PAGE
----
So I thought I would run this by you guys, see what you think.
I really like filming and editing things and have been trying to think of a good project for awhile. I can paid for youtube views now so I was brainstorming ideas. I was thinking since I am supposed to get my blue soon I could make a little series on going from white to blue. Since I am still quite new in term of BJJ, I have gone from a complete beginner to say a novice over the last year and a half. While I am not in any position to teach, I was talking to my coach when he told me he sometimes gets somewhat frustrated with new people and has to remind himself its been several years since he was a white belt and he didn't get a lot of things back then either. Based on this I think it somewhat puts me in a special spot because I can pass on things I felt helped me a ton coming to this point. Things I felt work really well for a beginner, while still advocating the basic and fundamentals of course.
Problem is I think it might get a lot of flak because some people don't want to hear it from a newer guy like I am pretending I am a teacher or something. I thought it has potential though. Thoughts?
So I was thinking liek a video a week or something, just go over a certain technique that really clicked for me as a beginer, other tips etc, since say a black belt who was a white belt 10+ years ago might not reemmeber what helped him as a white, other then just drilling the basics etc, but the number 1 thnigs new guys want to learn is how long it takes to blue, why wont this work for me etc.
I think the number one thing for beginners is fundamentals and not trying to pull off fancy passes and sweeps that they see on YouTube or from high level competitors (unless it's guys like Roger who use the fundamentals so perfectly). I think Roy Dean has a really good series on level/belt progression as well as Saulo's book. Anything to help others out is always a positive CC, I'll be an interested viewer.
In terms of beginners who have tons of questions, most of them can be simply answered by train more, train more, train more. The beauty of this art is that you can watch YouTube and comp videos and talk theory all day long, but if you're not on the mat drilling, drilling, and drilling, you'll never get any better.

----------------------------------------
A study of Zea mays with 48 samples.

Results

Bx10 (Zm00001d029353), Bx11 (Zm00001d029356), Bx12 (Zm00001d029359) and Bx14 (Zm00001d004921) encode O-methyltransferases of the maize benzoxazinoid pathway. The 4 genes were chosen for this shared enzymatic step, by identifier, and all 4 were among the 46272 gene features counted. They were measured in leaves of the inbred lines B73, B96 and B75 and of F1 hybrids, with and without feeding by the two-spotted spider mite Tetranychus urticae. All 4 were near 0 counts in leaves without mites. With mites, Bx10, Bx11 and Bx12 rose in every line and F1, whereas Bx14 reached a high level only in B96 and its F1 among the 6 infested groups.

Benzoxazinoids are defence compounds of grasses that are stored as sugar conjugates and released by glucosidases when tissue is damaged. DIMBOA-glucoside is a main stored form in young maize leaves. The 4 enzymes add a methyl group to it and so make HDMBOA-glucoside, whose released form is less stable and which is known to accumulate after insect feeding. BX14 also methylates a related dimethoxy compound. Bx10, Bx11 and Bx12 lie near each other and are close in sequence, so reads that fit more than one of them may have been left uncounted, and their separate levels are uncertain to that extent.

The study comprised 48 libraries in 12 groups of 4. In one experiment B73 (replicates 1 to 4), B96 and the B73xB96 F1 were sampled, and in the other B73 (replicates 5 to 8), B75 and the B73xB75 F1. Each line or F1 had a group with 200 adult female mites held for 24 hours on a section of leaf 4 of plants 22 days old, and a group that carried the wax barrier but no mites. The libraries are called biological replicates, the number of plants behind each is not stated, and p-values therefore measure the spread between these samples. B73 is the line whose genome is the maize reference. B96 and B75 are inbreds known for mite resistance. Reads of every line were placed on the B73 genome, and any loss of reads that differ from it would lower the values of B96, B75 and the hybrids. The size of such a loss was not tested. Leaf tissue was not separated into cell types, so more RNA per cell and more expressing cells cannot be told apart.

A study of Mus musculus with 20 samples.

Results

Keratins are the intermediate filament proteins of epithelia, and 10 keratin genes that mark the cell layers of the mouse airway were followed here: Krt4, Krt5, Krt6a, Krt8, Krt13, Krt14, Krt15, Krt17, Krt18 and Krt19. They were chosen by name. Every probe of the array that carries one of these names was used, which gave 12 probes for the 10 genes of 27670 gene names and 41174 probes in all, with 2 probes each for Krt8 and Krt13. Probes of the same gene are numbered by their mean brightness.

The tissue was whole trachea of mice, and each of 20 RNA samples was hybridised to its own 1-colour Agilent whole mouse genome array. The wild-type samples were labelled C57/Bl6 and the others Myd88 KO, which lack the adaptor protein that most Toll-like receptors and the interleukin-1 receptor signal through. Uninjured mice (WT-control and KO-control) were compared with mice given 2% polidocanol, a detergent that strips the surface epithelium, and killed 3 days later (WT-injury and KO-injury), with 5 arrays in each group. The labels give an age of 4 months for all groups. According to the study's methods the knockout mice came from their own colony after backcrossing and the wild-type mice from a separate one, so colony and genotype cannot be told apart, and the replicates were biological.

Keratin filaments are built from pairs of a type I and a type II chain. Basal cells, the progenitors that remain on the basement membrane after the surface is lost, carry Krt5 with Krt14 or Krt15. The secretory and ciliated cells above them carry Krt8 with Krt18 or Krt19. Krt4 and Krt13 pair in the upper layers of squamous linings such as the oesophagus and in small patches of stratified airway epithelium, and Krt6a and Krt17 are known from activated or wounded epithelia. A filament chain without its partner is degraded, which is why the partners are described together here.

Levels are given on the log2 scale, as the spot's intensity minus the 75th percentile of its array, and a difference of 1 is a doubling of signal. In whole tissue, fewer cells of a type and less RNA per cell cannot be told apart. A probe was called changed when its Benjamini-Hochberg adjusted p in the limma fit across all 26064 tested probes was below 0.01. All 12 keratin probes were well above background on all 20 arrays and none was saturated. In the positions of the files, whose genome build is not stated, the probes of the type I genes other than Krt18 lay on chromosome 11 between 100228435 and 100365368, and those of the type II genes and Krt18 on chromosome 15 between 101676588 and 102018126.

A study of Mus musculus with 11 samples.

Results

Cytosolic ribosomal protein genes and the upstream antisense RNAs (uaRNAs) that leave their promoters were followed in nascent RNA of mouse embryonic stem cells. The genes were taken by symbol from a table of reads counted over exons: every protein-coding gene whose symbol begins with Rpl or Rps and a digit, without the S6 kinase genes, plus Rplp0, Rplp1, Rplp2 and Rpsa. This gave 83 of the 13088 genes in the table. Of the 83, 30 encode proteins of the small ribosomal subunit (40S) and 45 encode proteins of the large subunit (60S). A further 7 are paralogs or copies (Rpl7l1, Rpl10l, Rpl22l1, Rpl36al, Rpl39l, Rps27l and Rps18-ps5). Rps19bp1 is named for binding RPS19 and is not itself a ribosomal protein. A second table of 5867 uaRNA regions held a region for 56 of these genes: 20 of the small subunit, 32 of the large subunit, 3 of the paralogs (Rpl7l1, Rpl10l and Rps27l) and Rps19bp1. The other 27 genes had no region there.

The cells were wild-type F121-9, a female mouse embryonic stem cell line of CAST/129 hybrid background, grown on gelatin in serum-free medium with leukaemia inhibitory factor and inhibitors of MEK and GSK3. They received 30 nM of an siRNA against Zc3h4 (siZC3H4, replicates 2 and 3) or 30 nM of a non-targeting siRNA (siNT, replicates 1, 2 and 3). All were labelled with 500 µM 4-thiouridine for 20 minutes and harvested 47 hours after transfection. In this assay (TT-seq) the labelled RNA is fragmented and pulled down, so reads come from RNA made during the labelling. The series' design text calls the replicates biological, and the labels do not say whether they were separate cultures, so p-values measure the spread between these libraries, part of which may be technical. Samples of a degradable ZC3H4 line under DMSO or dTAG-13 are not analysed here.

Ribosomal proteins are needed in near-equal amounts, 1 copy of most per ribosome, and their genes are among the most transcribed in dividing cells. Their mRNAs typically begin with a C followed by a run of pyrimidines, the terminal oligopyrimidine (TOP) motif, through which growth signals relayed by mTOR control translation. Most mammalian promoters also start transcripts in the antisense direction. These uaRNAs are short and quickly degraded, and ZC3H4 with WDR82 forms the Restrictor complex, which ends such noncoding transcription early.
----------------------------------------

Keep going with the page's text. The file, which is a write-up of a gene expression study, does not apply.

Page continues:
Your first pull should be 2 moves, not one single motion (very common beginner's mistake. I did it for a long time before reading up and correcting it. It's actually dangerous to jerk like that in one motion, just a heads up).
It should be a slower dead lift and then a snap w/ a hop, placing you underneath the bar. Once the bar has reached your thighs, begin the second explosion while dipping under the bar to catch it. Your arms shouldn't be lifting the bar at all during the dead lift portion. Yours do, that's why your balance is kind of thrown and the bar goes uneven. It should just be a slow dead lift, and then explode and catch. There's a lot of videos online for it. It's probably the hardest lift to get down properly. It took me a few months to be really comfortable with it.
Yeah, it's just one of those lifts that takes some time. I did the exact same **** as you for a while. I'd be really careful if you add more weight though. My brother did PC's like that and hurt his back even more. :-/
Sigh, sad weekend for BJJ here. My gym hosted a BJJ tournament this weekend where a competitor got flying headbutted from behind by a (non bjj practitioner) friend of his opponent. There was a 10+ ppl brawl and cops had to be called.
Weird, maybe you need to like the group first? Could be some friend-of-friend type sharing though, idk. Will probably be upped on youtube at some point.
Match of absolute division purple belts, they end up out of bounds after a throw attempt about 15secs in. There is some slight shoving and they get separated by the ref. Then out of nowhere some guy flying headbutts one competitor from behind, video ends seconds after that when the brawl starts.